The latest defense dialogue between the Chinese and Indian militaries had some constructive ideas for improving military ties. Can they follow through?
For all the tension generated by the last-minute cancellation of border talks at the Special Representatives level, India and China not only held their annual defense dialogue in New Delhi on December 9 and 10, but also decided to move forward in strengthening military-to-military contacts.
The defense delegations were meeting after a nearly two year break, with the last such gathering having taken place in January 2010. The extended gap was prompted by Beijing’s denial of a visa to one of India’s top army generals because he was commanding troops in Jammu and Kashmir, a region China says is disputed territory between India and Pakistan.
But the bitterness that has been evident in the past couple of years appeared to be on hold when the two delegations met this time. Led by Indian Defense Secretary Shashikant Sharma and Gen. Ma Xiaotian, the Chinese military’s most visible face, the two sides decided to take incremental steps in improving their military contacts, rather than aiming for big ticket announcements.
Accordingly, two mid-level delegations will visit each other in successive months starting in January. India also proposed that some of the border posts along the 4,000 kilometer Line of Actual Control (LAC), as the border is officially known, could be relocated for administrative and logistical convenience, a request Beijing’s military delegation agreed to consider.
The largely un-demarcated LAC runs along some of the most inhospitable terrain in the world. Troops are deployed there at altitudes in excess of 12,000 feet all along the Himalayas, where temperatures frequently dip to anything between minus 20 to minus 40 degrees Celsius between November and April.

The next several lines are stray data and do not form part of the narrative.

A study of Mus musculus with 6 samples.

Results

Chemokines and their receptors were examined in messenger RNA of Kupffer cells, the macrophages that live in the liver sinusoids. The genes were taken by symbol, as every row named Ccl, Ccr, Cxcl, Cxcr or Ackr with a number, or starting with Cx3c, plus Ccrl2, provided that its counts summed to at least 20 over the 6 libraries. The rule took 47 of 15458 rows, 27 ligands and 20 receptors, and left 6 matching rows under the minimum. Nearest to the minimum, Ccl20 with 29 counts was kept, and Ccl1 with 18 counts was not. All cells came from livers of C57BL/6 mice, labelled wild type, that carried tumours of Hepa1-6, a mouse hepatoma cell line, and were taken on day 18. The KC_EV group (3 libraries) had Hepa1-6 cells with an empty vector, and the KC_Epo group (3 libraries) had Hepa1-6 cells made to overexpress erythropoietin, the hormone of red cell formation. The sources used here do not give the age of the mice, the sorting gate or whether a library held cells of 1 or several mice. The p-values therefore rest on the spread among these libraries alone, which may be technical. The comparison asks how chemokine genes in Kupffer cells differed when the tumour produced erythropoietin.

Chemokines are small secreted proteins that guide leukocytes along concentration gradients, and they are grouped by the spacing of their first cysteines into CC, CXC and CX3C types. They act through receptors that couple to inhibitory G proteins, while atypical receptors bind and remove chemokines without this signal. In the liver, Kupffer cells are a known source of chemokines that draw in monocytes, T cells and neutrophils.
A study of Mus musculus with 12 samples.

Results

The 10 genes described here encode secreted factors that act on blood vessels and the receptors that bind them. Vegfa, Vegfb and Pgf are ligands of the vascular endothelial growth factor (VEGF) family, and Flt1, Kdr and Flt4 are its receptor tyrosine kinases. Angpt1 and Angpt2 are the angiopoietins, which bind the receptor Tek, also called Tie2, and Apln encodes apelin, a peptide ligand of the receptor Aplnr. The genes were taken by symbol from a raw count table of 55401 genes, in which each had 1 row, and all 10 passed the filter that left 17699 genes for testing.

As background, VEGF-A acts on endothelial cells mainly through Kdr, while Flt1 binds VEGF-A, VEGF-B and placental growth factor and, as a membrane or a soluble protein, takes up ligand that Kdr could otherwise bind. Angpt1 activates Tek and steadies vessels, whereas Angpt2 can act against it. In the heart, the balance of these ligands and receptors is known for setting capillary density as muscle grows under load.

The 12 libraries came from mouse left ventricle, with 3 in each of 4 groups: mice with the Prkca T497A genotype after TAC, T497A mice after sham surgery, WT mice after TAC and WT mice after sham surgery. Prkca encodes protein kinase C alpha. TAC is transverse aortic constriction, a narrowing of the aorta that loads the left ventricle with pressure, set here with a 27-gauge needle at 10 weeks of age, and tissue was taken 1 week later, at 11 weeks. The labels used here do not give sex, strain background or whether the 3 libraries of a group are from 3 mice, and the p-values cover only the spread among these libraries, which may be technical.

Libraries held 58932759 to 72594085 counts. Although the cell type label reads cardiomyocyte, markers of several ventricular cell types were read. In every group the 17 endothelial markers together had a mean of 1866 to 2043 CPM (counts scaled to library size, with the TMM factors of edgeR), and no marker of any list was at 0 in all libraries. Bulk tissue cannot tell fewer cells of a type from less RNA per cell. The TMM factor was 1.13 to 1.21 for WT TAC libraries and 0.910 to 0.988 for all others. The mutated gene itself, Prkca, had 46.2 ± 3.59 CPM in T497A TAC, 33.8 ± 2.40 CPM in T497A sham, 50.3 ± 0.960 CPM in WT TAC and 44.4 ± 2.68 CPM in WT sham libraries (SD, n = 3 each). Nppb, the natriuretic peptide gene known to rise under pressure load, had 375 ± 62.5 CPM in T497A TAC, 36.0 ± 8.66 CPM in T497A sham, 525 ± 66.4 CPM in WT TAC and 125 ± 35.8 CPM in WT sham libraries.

While infrastructure along the border on the Indian side is continuously being improved under a comprehensive plan, Indian troops have to spend at least a month acclimatizing to the extreme weather conditions after a steep climb from the plains of northern India. Some posts in Ladakh and Arunachal Pradesh are still accessible only on foot, after a two-day trek. Chinese PLA troops, on the other hand, have the advantage of being deployed on the high altitude Tibetan plateau, which boasts much better infrastructure.
Although the disputed boundary has largely remained peaceful, transgressions by troops from either side into each other’s territory have been a major irritant in a relationship that’s increasingly marked by rising trade, but a corresponding increase in mutual suspicion over military matters. While China views India’s developing ties with countries around the South China Sea – and its intention to develop a 5,000 kilometer range missile capable of hitting deep into Chinese territory – suspiciously, India regards China’s overt and covert assistance to Pakistan and other countries in the region as aimed at tying India down in the sub-continent.
It’s with this reality in mind that both sides see deeper military-to-military ties as a way of reducing suspicion – and the chance of miscalculation.